Is Public Nudity a Crime in New South Wales?
Canterbury-Bankstown rugby league players Adam Elliot and Asipeli Fine were each fined $25,000 by the club and charged by police with the crime of obscene exposure after allegedly being naked on the balcony of the Harbour View Hotel at The Rocks during ‘Mad Monday’ Celebrations in early September this year.
Today, Mr Elliot appeared with his defence lawyer in Downing Centre Local Court where his case was adjourned until 21 November 2018.
Mr Fine’s lawyer appeared on his behalf and adjourned the case to the same date.
It is expected the defendants will formally enter their pleas at that time.
In the event of a not guilty plea, the case is likely to be set down for a defended hearing – which is when evidence including photographs of the alleged conduct is expected to be tendered before the magistrate makes a determination.
Before that time, the defendants’ lawyers can send written ‘representations’ to police requesting the withdrawal of the charges and setting out the reasons for that request.
In the event of a guilty plea, the matter will proceed to a sentencing hearing at which time the magistrate will determine the appropriate penalty, which in the case of an obscene exposure charge where the defendants have already been fined and shamed is likely to be:
The offence of obscene exposure in NSW
Section 5 of the Summary Offences Act 1988 (the Act) prescribes a maximum penalty of six months in prison and/or a fine of $1,100 for anyone who, ‘in or within view from a public place or school, wilfully and obscenely exposes his or her person’.
Wilful has been defined as having the requisite intent, which means the prosecution must prove beyond reasonable doubt that the exposure was on purpose rather than by accident, by the act of another person or through mere negligence.
So, if there is some evidence that any exposure of the genitalia of the rugby league players was unintentional, the prosecution would then need to exclude any reasonable possibility of this beyond a reasonable doubt.
Whether exposure is ‘obscene ‘is determined by contemporary standards of decency, although the courts have held that exposure of the penis and/or testicles amounts to obscene, and that section 5 is capable of applying to female genitalia as well.
However, there is commentary to suggest it is unlikely that exposure of the female breasts would suffice in the present day, and that the act of breastfeeding almost invariably would not.
Public place is defined by section 3 of the Act as, ‘a place (whether or not covered by water), or a part of premises, that is open to the public, or is used by the public whether or not on payment of money or other consideration, whether or not the place or part is ordinarily so open or used and whether or not the public to whom it is open consists only of a limited class of persons’.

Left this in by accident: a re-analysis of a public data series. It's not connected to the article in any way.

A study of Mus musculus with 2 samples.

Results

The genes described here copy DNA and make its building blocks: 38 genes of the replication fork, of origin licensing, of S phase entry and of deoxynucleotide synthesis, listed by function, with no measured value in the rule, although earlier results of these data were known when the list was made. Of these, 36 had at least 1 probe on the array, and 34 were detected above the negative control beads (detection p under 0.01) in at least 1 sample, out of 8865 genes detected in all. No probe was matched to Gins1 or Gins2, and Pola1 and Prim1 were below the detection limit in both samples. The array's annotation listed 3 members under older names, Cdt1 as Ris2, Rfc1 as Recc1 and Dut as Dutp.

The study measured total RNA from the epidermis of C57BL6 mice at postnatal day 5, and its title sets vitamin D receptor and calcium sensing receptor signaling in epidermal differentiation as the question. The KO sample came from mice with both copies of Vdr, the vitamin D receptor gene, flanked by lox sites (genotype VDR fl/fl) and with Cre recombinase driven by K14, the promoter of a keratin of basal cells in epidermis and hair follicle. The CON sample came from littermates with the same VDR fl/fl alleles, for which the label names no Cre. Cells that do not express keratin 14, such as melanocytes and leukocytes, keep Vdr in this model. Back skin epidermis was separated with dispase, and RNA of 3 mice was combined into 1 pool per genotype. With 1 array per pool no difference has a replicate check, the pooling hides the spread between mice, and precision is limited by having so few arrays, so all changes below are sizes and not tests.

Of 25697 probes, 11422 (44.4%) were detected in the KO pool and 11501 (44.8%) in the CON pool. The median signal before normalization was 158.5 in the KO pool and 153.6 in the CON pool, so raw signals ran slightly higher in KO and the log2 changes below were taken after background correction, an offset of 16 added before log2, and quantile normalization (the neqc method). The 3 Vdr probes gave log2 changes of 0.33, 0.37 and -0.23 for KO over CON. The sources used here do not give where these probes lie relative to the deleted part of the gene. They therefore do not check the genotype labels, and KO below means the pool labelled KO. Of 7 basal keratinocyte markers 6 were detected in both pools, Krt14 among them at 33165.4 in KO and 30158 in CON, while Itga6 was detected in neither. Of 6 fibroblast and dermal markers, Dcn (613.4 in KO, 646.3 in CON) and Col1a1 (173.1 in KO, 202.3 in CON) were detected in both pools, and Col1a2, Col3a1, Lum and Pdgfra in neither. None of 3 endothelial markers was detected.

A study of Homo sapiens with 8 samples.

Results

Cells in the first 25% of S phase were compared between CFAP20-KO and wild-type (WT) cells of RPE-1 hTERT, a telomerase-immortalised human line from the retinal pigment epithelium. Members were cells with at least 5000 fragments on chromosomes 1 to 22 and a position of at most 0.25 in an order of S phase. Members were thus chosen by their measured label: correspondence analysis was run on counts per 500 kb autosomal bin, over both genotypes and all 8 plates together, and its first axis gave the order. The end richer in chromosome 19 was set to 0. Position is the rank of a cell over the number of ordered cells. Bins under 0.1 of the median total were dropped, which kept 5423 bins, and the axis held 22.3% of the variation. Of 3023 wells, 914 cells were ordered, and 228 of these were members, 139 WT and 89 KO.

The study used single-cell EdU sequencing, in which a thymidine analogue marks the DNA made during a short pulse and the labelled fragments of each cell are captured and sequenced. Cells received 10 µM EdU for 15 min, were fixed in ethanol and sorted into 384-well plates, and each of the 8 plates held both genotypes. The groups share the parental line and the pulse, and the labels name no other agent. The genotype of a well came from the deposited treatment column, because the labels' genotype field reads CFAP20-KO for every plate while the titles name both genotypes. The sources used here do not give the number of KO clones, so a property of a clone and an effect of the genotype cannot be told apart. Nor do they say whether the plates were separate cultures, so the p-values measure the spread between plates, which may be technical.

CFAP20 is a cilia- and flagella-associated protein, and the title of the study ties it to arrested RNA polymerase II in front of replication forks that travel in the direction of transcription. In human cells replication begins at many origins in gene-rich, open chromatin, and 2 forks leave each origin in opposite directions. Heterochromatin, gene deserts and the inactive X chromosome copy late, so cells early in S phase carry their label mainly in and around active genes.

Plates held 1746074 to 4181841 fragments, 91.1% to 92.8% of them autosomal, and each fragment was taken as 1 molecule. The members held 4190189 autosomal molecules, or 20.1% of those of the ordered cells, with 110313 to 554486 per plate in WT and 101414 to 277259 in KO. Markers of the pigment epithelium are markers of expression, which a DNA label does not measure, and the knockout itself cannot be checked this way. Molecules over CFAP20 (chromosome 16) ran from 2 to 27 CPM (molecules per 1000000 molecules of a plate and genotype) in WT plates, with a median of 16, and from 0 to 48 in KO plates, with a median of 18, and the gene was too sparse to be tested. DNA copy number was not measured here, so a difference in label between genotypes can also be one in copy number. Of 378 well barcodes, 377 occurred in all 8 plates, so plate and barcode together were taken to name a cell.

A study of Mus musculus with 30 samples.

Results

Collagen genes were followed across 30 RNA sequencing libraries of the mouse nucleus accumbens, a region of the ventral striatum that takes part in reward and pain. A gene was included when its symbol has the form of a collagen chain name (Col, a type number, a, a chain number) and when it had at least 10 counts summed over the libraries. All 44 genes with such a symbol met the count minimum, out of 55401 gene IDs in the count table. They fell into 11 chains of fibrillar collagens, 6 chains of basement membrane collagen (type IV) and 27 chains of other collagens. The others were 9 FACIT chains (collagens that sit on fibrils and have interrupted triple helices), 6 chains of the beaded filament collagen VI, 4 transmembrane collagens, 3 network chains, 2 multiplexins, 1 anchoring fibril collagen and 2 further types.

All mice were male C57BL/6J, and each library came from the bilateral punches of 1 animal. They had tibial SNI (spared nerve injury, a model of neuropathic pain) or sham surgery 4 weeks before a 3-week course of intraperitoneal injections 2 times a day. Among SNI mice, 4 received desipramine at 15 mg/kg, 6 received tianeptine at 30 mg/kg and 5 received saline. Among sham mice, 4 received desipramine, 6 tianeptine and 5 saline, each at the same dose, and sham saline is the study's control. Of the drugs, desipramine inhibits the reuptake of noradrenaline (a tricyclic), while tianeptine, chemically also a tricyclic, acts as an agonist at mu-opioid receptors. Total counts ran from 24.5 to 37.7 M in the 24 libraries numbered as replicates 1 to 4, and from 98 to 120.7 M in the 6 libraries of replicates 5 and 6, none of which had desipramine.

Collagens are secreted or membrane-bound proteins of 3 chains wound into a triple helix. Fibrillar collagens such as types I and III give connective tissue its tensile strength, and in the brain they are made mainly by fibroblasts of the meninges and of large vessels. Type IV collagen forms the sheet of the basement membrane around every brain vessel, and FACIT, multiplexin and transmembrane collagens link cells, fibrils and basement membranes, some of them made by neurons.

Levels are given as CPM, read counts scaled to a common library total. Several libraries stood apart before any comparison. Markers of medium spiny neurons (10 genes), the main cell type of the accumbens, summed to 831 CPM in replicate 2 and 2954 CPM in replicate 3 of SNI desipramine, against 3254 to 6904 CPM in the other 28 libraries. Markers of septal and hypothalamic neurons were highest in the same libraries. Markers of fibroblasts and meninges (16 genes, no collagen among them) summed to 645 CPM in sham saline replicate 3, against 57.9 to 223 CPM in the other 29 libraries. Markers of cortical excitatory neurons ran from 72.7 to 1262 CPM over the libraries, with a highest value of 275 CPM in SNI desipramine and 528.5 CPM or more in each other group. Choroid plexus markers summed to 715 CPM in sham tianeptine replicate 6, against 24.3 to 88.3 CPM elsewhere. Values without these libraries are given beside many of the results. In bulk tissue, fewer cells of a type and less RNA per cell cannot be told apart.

The definition certainly encompass licensed premises, regardless of whether they are only made available at the time to a certain class of persons.
In any event, the activity of the rugby league players – if they have been correctly identified – is said to have been captured from outside the hotel.
In that regard, the NSW Supreme Court in the case of R v Eyles  NSWSC 452 found that the prosecution only needs to prove that the exposed area could have been seen by a person who was in a public place, not that the defendant was in a public place at the time of the exposure or that the exposure was actually seen by anyone.
That case involved a man who was alleged to have been masturbating behind a fence on his own property. There was no evidence the man’s penis was seen by anyone, although it could have been seen by someone who was in a public place and his act was established through evidence of his mannerisms and the fact he seen was naked from the waist up.
Apart from the requirement that the prosecution must prove each of the elements (or ingredients) of an obscene exposure charge beyond reasonable doubt, defendants may also seek to rely upon legal defences of duress or necessity.
It should be noted that section 633(2) of the Local Government Act 1993 prescribes a maximum penalty of $1,100 for being ‘in public view in the nude in any place (other than a designated beach)’.
At present, the only ‘designated beaches’ in NSW (also known as ‘nudist beaches’) are:
- Lady Bay (Lady Jane) Beach,
- Cobblers Beach,
- Obelisk Beach,
- Werrong Beach, and
- Samurai Beach.
Clothing is optional at those beaches.